Day 39… It has been an honor…

Honor.  A word very often misunderstood. Let’s explore the concept of honor a bit and see if we can clear up some of the common misconceptions.

Can we find a good definition? Time to crack open that dictionary and blow the dust off of the pages!

As defined by Merriam-Webster:


noun \ˈä-nər\

: respect that is given to someone who is admired

: good reputation : good quality or character as judged by other people

: high moral standards of behavior

Hmmm…. I am not so sure I like that definition, what about you?

I see too much faith being placed in the judgement of others.  That to me is respect.  The word respect even shows up in the Merriam Webster definition.  Let’s try another respected, yes I used the “R-word”, dictionary source…

Definition of honor in the Oxford English Dictionary:


1.1 [in singular] A person or thing that brings credit: you are an honor to our profession

1.2Adherence to what is right or to a conventional standard of conduct: I must as a matter of honor avoid any taint of dishonesty
Still not sure I like this one.  I still read a lot of outside influence and judgement.  It still feels and behaves as I would expect the concept of Respect to behave.  It shows that to have honor one must gain the respect or admiration of others.  Is thise really what Honor is?  If so, why do we have two different words?
What happens if we leave the “academic world” and dig further back in history.  As a martial artist I live a life that carries meanings and concepts that were in existence well before the Merriam-Webster or Oxford English Dictionary. What about the Samurai, the source of much that is the quintessential working definition of what it means to be a warrior and martial artist today?  In their code, the Bushido, they wrote of the virtue of Meiyo.  Now, the definition of Meiyo is somewhat long-winded and is, of course, subject to the vagaries of multiple translations but, I believe the easiest way to describe honor as it is to be lived in the Bushido Virtue of Meiyo is:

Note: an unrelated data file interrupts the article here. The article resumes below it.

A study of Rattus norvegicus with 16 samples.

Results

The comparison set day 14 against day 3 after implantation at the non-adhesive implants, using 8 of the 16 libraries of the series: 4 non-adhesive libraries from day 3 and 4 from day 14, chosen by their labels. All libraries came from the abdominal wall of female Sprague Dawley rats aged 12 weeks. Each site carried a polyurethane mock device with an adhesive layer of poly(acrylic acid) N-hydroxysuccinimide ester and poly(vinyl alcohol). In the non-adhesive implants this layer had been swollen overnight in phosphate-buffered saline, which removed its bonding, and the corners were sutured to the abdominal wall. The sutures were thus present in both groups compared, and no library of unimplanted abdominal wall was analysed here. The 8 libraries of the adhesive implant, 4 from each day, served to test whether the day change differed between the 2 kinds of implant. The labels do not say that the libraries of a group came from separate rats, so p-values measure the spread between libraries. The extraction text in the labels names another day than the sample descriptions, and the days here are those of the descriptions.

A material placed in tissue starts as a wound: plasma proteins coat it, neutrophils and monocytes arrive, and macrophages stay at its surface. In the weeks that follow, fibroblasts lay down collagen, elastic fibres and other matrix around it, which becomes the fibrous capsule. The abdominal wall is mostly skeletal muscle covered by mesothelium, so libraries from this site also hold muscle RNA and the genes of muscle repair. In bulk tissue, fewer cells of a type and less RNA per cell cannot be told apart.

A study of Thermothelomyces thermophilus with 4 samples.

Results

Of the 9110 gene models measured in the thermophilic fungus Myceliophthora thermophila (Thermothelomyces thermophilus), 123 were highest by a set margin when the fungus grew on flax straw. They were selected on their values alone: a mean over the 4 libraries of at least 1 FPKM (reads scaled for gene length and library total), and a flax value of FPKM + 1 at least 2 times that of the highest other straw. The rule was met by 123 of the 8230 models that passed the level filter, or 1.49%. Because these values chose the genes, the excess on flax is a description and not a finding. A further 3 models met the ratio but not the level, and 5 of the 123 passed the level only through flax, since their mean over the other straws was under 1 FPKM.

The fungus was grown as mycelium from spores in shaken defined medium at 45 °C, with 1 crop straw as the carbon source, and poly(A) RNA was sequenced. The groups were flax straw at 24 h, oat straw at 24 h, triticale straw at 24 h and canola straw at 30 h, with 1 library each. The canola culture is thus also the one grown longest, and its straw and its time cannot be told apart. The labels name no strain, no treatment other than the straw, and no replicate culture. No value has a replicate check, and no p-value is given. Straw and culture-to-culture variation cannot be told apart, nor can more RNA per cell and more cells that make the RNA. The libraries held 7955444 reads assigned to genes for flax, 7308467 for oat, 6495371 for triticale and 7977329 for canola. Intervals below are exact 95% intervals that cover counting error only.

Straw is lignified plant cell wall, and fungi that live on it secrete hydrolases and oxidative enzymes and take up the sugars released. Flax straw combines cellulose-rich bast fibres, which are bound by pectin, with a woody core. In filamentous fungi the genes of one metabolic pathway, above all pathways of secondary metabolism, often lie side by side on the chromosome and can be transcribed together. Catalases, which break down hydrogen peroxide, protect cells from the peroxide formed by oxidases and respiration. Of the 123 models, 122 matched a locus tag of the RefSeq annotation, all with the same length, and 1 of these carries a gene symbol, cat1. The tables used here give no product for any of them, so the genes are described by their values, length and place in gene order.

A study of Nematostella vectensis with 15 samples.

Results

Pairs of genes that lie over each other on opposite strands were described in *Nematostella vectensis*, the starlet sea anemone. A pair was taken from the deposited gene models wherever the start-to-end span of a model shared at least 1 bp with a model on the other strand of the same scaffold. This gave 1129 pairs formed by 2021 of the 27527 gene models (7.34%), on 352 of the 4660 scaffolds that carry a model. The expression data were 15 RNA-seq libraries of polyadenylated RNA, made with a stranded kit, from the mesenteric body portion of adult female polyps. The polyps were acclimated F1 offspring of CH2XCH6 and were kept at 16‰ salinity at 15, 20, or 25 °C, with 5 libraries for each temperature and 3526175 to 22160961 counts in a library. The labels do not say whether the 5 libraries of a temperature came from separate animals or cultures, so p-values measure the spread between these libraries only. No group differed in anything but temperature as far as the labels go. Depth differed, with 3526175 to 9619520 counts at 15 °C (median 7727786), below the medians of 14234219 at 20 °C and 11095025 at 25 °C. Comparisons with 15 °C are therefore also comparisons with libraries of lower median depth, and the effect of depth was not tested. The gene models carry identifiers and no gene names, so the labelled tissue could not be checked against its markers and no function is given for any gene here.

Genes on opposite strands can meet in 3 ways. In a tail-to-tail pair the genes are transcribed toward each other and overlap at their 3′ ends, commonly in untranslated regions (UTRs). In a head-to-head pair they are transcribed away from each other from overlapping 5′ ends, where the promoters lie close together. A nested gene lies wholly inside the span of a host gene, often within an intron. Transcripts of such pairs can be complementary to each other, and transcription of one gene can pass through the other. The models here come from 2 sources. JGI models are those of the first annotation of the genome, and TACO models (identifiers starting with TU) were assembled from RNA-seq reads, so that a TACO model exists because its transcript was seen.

a vivid consciousness of personal dignity and worth.
Yes, I do believe we have something here!  Honor, as I have learned it over the years in the martial arts is not about the judgement of others.  Honor is about that feeling that you have of yourself, your actions, your words.  It is, or should be your INTERNAL compass.  Those who truly have honor are able to look themselves in the mirror of self-reflection and say with honesty and sincerity that they are happy with their choices.  These individuals have found that the only person who can judge them, give them true worth and help them to preserve their dignity is the person who stares back them from the mirror every morning.
The last few days I have had this concept brought to my attention by various sources for any number of interesting reasons.  At times I have felt challenged in my understanding of honor and how it differed from respect.  As I thought more about those conversations and situations I came to the conclusion that, as a martial artist and modern day warrior, I needed to go back to my “roots” for guidance.  I needed to look at what ancient warriors thought of the life skills that I both attempt to live and to teach.
(Ironically, the next Bushido Challenge article I needed to write was on Meiyo – Honor!  It will be published November 16th)
I much prefer the distinction that the Samurai made between Respect – Rei – and Honor – Meiyo.  I believe this is a much healthier and more humble way to live, seeking to do what is right by looking inward instead of outward.